We challenge you to make it through your flight out of the Holy City without reaching your fingers into the bag of cheese straws or pralines that you’ve packed away. While we don’t recommend leaving town without these treats, we’ve put together a list of our favorite Lowcountry keepsakes that can be easily be tucked into your carry-on and cherished for years to come.
A sweetgrass basket by local basket maker Henrietta Snype adorns each of our guest rooms at Zero George. These prized cultural collectibles are one of the oldest handcrafts of African origin in the United States. They can be seen on display at the Smithsonian and are for sale at The Preservation Society of Charleston, the oldest community based historic preservation organization in the United States. The Preservation Society’s gift shop is located at 147 King Street.
The Charleston rice spoon is a symbol of southern heritage dating back to the first settlers who adapted the traditional English stuffing spoon to serve rice, the staple crop of South Carolina. A trip to Charleston isn’t complete without stepping into Croghan’s Jewel Box – a treasure trove of unique gifts, antiques and estate finds. It’s located in an 18th century single house at 308 King Street.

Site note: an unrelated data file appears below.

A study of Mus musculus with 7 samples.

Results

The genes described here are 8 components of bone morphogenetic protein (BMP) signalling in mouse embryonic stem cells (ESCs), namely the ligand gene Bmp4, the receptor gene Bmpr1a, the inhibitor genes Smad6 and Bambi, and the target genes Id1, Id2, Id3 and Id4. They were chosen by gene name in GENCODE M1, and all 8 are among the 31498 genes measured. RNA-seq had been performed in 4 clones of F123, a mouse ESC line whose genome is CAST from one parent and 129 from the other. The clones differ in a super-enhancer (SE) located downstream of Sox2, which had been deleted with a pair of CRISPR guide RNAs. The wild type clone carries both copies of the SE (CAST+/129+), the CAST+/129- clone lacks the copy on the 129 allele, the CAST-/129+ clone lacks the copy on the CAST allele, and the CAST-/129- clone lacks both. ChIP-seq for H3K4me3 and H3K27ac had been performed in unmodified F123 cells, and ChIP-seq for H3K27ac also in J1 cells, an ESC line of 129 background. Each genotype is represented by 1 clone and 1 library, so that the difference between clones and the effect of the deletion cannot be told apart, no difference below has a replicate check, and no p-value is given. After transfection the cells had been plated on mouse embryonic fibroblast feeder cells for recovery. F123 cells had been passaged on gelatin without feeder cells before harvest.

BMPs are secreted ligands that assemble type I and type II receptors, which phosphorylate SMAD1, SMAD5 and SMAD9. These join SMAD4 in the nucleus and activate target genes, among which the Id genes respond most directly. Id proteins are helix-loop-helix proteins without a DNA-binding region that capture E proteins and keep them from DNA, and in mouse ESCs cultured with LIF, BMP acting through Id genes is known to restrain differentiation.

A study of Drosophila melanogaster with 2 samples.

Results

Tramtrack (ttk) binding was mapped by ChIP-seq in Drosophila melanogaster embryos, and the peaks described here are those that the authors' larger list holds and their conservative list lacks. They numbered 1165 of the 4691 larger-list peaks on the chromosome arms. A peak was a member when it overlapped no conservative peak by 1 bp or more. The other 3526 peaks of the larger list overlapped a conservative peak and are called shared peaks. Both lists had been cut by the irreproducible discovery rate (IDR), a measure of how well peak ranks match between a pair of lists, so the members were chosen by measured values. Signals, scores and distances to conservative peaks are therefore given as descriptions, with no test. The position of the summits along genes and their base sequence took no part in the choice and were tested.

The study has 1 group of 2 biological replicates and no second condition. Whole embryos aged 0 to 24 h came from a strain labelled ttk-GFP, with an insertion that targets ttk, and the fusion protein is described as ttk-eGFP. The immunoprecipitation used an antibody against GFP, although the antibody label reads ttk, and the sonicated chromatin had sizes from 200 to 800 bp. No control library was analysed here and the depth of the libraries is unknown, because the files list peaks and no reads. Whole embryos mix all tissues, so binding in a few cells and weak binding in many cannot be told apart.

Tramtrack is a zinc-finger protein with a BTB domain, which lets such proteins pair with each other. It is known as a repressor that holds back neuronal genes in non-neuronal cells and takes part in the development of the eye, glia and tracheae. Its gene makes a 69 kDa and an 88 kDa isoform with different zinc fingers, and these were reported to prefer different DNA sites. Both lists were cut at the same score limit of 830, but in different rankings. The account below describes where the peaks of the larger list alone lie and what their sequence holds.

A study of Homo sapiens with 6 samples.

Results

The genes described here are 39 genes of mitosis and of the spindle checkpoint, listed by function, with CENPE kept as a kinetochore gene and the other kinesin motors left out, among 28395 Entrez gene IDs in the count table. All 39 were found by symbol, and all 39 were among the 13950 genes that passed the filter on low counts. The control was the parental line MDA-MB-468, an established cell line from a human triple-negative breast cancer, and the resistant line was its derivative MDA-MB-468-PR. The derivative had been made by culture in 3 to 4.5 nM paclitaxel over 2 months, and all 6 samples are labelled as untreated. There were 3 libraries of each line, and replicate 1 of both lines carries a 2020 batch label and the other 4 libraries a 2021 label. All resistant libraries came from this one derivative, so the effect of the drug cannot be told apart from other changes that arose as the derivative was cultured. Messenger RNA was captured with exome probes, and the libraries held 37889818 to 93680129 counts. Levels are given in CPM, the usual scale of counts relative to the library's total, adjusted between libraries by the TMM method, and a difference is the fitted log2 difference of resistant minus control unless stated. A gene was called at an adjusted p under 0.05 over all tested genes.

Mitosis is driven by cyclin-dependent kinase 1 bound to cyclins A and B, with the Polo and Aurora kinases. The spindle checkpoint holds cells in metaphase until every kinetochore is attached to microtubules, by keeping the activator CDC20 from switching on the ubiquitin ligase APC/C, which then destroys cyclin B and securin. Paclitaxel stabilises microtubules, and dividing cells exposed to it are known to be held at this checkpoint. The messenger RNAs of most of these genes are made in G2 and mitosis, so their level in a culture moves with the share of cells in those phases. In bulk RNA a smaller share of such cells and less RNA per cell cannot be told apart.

Mastering the Art of Southern Cooking
You won’t have to wait until your next trip back to enjoy flavors of the Lowcountry. Charleston’s most celebrated cookbook author Nathalie Dupree and coauthor Cynthia Graubert share more than 750 recipes honoring “The Mother” cuisine of American cooking in their James Beard Award winning book Mastering the Art of Southern Cooking. Pick up your copy of the book and peruse the local author section at Blue Bicycle Books at 420 King Street.
The Charleston Bonnet
Dating back to the 1700’s, little girls have worn these wide pique brim bonnets to protect them from the strong Carolina sun. This charming gift for any belle is sure to become a cherished heirloom. The Boutique, located at 47 Broad Street, is a local shopping institution for trousseau, china, linens, and of course, the Charleston bonnet.
History buffs looking for original, one-of-a-kind mementos will revel in the collection of rare antiquarian prints at Carolina Antique Maps and Prints. The revolutionary war map from David Ramsey’s “The History of the Revolution of South Carolina” shown here depicts the Siege of Charleston in 1780. The shop is located at 91 Church Street.
Photo Credits: The images are provided by the corresponding retail establishments.